If you don’t know the Warner Archive project, get to know it now. It’s the way that the studio have been making their less commercially viable releases available on DVD, keeping them all as data files and burning each disc on demand when ordered. There’s no special features, and the quality of the transfer is dependent on the best materials in the (literal, physical) Warner archive as there’s remastering either. But – and it’s a big but – we probably would never get to own these titles otherwise.
One of next year’s releases is a particularly exciting one. According to Toon Zone News, the notorious Censored Eleven Looney Tunes will finally be breaking out of jail:
Withheld from syndication by United Artists in 1968 due to their racist content and have been deemed too offensive for contemporary audiences… they will be available through the Warner Archive online some time in 2011, and they will be completely uncensored.
It’s Christmas for cartoon buffs, completists, the culturally curious and… er… racists. I’m still dismayed that the Warner Archive won’t ship to the UK, but I’ve found a work around that’s doing fine for now but, really, what’s the deal, guys? Why not ship worldwide?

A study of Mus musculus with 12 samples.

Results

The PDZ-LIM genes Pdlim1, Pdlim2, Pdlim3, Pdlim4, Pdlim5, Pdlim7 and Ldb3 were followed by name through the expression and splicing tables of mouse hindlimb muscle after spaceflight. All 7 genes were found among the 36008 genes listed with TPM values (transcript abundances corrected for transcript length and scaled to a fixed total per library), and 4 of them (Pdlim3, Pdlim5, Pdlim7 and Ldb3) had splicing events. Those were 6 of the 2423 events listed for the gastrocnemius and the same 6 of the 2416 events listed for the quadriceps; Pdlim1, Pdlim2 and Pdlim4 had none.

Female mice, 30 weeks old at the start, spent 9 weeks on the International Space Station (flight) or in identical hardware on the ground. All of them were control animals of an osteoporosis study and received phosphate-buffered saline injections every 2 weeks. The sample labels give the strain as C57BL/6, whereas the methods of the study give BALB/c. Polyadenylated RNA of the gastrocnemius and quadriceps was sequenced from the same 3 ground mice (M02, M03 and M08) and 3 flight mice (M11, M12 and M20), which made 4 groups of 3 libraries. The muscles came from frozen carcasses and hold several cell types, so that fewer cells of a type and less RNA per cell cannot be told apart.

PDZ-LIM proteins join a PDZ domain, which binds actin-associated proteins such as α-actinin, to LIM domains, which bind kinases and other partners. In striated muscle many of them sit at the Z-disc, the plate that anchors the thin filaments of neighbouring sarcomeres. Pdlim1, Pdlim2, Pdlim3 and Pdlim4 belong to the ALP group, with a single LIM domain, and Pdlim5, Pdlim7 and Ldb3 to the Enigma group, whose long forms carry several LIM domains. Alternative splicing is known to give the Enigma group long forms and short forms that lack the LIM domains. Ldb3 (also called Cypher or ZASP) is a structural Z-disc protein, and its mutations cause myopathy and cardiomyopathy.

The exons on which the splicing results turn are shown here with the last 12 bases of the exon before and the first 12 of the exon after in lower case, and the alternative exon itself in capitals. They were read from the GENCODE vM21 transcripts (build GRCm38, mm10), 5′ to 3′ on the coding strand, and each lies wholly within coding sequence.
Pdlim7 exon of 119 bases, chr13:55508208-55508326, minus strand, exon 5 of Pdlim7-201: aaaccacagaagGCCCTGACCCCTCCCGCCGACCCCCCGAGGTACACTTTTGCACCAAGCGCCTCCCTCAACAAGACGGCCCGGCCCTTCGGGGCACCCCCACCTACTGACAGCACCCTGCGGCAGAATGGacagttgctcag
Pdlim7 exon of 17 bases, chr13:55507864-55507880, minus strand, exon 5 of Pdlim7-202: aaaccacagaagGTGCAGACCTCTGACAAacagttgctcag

The release, via the Warner Archive, was “predicted” by Warner’s George Feltenstein when speaking to the New York Post in April. I’m glad the turn around was so speedy.
So, here come the Censored Eleven. Here’s the full list:
Hittin’ the Trail for Hallelujah Land (1931, directed by Rudolf Ising)
Sunday Go to Meetin’ Time (1936, directed by Friz Freleng)
Clean Pastures (1937, Friz Freleng)
Uncle Tom’s Bungalow (1937, Tex Avery)
Jungle Jitters (1938, Friz Freleng)
The Isle of Pingo Pongo (1938, Tex Avery)
All This and Rabbit Stew (1941, Tex Avery)
Coal Black and de Sebben Dwarfs (1943, Bob Clampett)
Tin Pan Alley Cats (1943, Bob Clampett)
Angel Puss (1944, Chuck Jones)
Goldilocks and the Jivin’ Bears (1944, Friz Freleng)
Whatever next – Disney setting free The Song of the South? Oh, I wish.
UPDATE: The NY Post are back on the case, and have the following good news/bad news quote to offer us:
The WHV rep says no firm decision to release the controversial Looney Tunes and Merry Melody cartoons in 2011 has been reached, and it isn’t clear whether they would go out via the manufacture-on-demand Warner Archive or as a regular commercial release.
I’d love to see these on shop shelves – especially if that means special features aplenty.